WASHINGTON, D.C. — The federal government may ban sales of Ferrari's bread-and-butter F430 in late 2006 unless the National Highway Traffic Safety Administration grants the company a waiver on airbag requirements.
It isn't that the F430's airbags aren't safe — they meet or exceed most NHTSA guidelines. But the F430 lacks sufficient protection for a small number of female occupants who aren't strapped into the correct position in the event of a crash. The same problem applies to child occupants. If the waiver isn't granted, Ferrari will be unable to sell cars built after September 1, 2006.
NHTSA suggested the company accelerate production and stockpile pre-September 1 cars to keep dealers supplied with cars for the two remaining years in the F430's production cycle, but Ferrari pointed out that it is already building the cars as quickly as it can to meet demand.
In its petition, Ferrari details its plans to continue the F430 line until late 2008, when it will "be replaced by a newly designed eight-cylinder model." What that means for rumors of a possible 10-cylinder Lamborghini Gallardo fighter isn't clear.
Lotus initially expected it would need a similar waiver to sell the Elise in the U.S., but ultimately found it could meet the requirement with off-the-shelf airbag technology. Ferrari, on the other hand, says in its petition that it has extensively tested available components without success. "The issue is not one of cost, but one of impossibility," the document states. (Emphasis added by Ferrari in its filing.)
"We focused on the work that had been done in an attempt to comply," observed Ferrari North American Corporate General Council Dave Wertheim. "We think there is a very high degree of safety in the car," he emphasized.
When the wheels of the federal bureaucracy will churn out a decision is anybody's guess. "There is no expected timetable," said Wertheim. What do Ferrari's oddsmakers think it'll decide? "We're cautiously optimistic," he said.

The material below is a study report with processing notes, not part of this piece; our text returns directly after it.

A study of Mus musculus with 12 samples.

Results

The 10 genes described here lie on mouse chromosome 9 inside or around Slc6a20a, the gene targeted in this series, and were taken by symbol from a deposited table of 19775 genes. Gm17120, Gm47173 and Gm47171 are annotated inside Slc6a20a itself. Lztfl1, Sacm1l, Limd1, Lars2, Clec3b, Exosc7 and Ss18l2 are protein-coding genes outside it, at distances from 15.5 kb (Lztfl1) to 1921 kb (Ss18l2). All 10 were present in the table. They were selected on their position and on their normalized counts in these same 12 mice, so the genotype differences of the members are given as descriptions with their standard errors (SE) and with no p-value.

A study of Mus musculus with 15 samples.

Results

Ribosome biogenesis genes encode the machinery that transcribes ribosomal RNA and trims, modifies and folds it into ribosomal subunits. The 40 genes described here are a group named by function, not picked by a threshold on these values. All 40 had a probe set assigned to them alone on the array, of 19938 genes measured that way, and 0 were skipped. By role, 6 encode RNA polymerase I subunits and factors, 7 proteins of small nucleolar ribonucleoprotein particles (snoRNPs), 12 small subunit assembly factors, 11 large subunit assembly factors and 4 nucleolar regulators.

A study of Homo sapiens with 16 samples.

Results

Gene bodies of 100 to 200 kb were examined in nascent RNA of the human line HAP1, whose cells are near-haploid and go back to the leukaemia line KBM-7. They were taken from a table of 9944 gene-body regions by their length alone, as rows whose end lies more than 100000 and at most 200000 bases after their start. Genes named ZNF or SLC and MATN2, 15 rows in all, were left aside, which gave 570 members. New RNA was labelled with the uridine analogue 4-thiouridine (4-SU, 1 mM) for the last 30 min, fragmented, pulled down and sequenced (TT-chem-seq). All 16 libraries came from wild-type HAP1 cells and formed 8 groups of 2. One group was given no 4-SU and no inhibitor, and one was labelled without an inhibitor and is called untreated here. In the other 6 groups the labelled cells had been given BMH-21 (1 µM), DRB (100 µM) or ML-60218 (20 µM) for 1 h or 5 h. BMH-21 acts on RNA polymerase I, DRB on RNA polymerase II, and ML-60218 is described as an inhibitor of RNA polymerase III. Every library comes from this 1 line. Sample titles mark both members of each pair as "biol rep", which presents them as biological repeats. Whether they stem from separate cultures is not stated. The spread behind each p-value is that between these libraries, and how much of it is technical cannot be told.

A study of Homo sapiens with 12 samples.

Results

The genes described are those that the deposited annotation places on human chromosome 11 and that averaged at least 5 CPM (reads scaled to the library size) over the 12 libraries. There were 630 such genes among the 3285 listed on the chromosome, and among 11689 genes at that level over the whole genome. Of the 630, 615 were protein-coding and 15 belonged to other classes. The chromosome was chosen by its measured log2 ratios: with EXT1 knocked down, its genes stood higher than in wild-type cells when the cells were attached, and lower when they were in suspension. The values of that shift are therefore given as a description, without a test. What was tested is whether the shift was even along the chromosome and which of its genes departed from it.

Waivers have typically been considered the realm of tiny startups and importers of limited numbers of unusual cars. Even though Lotus complied with the airbag requirement, the Elise still required waivers for other elements, such as lighting. The Crosslander SUV under consideration from Romania, for example, will require a waiver for its complete absence of any airbags, which is a much taller order than Ferrari's request.
Ferrari points out that only 13 percent of its owners have children under the age of 6, so that it is unlikely that many kids will ride in one of the waived cars. Further, the company pledges to provide, free of charge to any customer who requests it, a special child seat which will automatically deactivate the passenger's side airbag. The cars will also feature a manual cutoff switch for the passenger's side airbag.
If the notion of buying a Ferrari child seat sounds attractive, hold on. At this point that child seat is entirely hypothetical, says Wertheim, and even then it would only be available to those who own the car.
What this means to you: It's an interesting look at all the legal wrangling automakers must go through to sell cars in this country. But it does beg the question as to why Ferrari let this coming regulatory deadline approach without making the necessary improvements.